The scarcity of drugs in Britain is a result of the inadequacy of regulators, according to letter writers.
An announcement has been made that European nations are collaborating to protect drug availability by maintaining a reserve of 200 essential products. This news arrives as the UK is confronted with the alarming possibility of more frequent scarcities. (EU strategy for storing medicines may exacerbate existing shortages in the UK, January 25th).
Generic medicines – exact copies of original patented products – fulfil 80% of all prescriptions used by NHS patients. They also save the taxpayer £15bn annually via a competitive market, which has meant we have enjoyed the lowest medicine prices in Europe. However, a range of threats are undermining the resilience of the UK’s generic medicine supply chain, meaning shortages are becoming much more common.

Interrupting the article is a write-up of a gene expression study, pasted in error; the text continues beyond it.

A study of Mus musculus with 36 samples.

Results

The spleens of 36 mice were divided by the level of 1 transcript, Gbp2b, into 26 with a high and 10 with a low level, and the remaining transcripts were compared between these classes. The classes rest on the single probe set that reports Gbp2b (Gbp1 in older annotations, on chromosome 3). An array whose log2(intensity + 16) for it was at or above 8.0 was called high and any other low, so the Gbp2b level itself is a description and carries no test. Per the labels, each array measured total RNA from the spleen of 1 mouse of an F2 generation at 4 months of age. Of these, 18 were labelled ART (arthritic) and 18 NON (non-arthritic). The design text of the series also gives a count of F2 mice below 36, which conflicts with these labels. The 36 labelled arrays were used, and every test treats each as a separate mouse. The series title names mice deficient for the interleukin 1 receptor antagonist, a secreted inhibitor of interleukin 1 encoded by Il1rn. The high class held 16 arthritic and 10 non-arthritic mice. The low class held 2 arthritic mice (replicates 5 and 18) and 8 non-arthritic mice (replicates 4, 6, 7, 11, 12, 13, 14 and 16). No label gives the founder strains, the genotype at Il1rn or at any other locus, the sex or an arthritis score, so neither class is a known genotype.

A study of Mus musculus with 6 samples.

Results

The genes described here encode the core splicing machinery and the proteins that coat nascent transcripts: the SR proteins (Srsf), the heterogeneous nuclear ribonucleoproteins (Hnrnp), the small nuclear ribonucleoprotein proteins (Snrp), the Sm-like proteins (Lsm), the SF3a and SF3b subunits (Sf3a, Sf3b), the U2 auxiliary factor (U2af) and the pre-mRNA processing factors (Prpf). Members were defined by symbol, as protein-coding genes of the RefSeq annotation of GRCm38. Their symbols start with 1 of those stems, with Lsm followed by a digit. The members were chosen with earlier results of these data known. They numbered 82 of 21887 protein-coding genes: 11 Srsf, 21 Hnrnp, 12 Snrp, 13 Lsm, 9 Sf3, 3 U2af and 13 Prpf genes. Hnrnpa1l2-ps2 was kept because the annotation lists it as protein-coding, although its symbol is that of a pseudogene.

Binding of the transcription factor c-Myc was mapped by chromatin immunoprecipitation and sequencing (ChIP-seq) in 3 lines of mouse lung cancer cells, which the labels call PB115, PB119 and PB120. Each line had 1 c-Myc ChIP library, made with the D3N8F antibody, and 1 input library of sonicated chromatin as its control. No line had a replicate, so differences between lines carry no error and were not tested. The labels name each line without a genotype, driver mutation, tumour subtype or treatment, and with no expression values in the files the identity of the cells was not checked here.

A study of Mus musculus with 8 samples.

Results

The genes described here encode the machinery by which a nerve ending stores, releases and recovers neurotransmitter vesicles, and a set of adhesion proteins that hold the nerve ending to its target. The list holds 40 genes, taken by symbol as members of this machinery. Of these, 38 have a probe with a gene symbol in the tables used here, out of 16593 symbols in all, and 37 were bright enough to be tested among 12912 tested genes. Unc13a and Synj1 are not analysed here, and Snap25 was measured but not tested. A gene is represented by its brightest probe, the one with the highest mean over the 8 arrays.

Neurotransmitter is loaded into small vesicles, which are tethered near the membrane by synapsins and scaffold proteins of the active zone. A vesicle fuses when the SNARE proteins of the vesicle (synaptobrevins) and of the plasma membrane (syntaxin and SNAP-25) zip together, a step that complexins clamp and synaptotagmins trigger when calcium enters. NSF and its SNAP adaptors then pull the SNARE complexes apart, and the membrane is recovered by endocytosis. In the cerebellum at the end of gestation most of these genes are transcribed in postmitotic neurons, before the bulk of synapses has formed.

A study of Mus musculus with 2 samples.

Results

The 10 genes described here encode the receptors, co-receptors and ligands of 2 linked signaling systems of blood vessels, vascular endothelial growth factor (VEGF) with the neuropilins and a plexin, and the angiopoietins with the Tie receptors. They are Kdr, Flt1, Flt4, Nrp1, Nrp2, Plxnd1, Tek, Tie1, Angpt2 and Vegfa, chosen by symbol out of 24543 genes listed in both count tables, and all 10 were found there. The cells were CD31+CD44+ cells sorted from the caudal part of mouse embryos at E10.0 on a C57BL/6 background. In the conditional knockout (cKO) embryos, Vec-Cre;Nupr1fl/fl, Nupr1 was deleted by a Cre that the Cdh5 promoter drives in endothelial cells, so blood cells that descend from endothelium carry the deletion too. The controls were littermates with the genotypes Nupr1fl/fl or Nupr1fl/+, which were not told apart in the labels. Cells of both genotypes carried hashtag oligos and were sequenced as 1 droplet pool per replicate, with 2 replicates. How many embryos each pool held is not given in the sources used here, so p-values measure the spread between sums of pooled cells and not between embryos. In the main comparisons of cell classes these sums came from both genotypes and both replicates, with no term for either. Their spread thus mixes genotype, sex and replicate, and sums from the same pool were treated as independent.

The primary obstacle that needs to be addressed is the declining performance of the Medicines and Healthcare Products Regulatory Agency (MHRA). In the past, routine licensing changes could be processed within a year. However, due to budget constraints, it now takes up to two-and-a-half years, causing frustration for companies attempting to supply medication during shortages. In addition to challenges posed by Brexit and government pricing policies, the lack of recognition for the significance of generic medications has led international companies to view the UK as a challenging place to do business. As a result, access to medicines, both routine and life-saving, may become increasingly limited.
The head of the British Generic Manufacturers Association.
I know this might seem a stupid question but why are we not manufacturing our own drugs? Surely it would make economic sense for the NHS to have its own pharmaceuticals factory making all the generic drugs available for its own use.